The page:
Those worried about a performance drop-off going from standard diesel fuel to the more environmentally friendly B20 biodiesel blend can ease their minds.
A new Purdue University study shows that there is almost no statistical performance difference in semitrailer trucks using B20, a 20% blend of biodiesel, and No. 2 ultra-low sulfur diesel, the current standard.
"In terms of performance, reliability and maintenance costs, it was basically a wash," says John Lumkes, the assistant professor of agricultural and biological engineering who led the study. "The only differences are environmental and economic."
The study, which compared two 10-vehicle truck fleets using the ultra-low sulfur fuel and B20, was released in the journal Applied Engineering in Agriculture. Trucks used for comparisons in the yearlong study had the same engines, similar miles already on them at the start and drove nearly the same number of miles over the year.
The only statistical difference related to the B20 was that it lowered the oil viscosity between maintenance intervals in engines slightly more than the ultra-low sulfur diesel. But even so, Lumkes says the oil still had sufficient viscosity so as not to damage engine parts.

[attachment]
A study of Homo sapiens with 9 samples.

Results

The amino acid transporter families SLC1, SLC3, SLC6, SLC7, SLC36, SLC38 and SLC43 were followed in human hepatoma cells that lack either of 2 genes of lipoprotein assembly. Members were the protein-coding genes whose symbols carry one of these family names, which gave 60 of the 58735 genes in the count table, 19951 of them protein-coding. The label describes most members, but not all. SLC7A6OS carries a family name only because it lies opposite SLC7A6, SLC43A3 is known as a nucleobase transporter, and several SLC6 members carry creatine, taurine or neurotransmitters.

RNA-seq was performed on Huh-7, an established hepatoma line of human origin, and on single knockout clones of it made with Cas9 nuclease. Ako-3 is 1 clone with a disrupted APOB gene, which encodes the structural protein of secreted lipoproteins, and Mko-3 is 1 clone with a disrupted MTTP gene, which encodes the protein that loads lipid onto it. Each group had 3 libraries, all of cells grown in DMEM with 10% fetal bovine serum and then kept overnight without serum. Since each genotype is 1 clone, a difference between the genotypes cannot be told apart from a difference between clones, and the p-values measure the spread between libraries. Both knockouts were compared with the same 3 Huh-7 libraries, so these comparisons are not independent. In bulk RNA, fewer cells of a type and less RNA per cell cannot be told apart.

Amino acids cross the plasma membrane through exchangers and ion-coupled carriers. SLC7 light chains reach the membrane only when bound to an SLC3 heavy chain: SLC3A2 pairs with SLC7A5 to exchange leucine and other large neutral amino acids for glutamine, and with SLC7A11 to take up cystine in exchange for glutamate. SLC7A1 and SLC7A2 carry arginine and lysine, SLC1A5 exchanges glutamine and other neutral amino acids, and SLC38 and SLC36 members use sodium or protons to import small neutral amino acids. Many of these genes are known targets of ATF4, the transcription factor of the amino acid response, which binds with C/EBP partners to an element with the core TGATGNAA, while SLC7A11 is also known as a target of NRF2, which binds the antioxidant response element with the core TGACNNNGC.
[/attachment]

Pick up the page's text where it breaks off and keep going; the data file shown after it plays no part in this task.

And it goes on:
"They were still within the range of what is acceptable before you need an oil change," he says.
The study followed each fleet's idle time percentage, average speed, engine load percentage and engine speed. Each pair of trucks had close to the same statistics in each category.
At the end of the study, each fleet of 10 trucks had driven more than 1.5 million miles. Differences in performance based on fuel economy, fuel test results, engine oil analysis and service and maintenance costs were considered minute. B20 cost about 13¢ more/gal. during that time than the ultra-low sulfur diesel.
Lumkes says his study could ease concern about the effect biodiesel has on engine durability. He said some engine manufacturers are wary about extending warranties to those who use biodiesel because not enough has been known about how the biodiesel affects engine wear.
"This shows that there is no observable difference in performance of engines using biodiesel vs. the more common commercial fuel," Lumkes says.
Lumkes adds that the quality of the B20 also is an important factor. All the fuel sampled during the study exceeded the National Biodiesel Accreditation Commission standards.
The Indiana Soybean Alliance provided funding for the research, and a private company that provided the trucks also provided funding.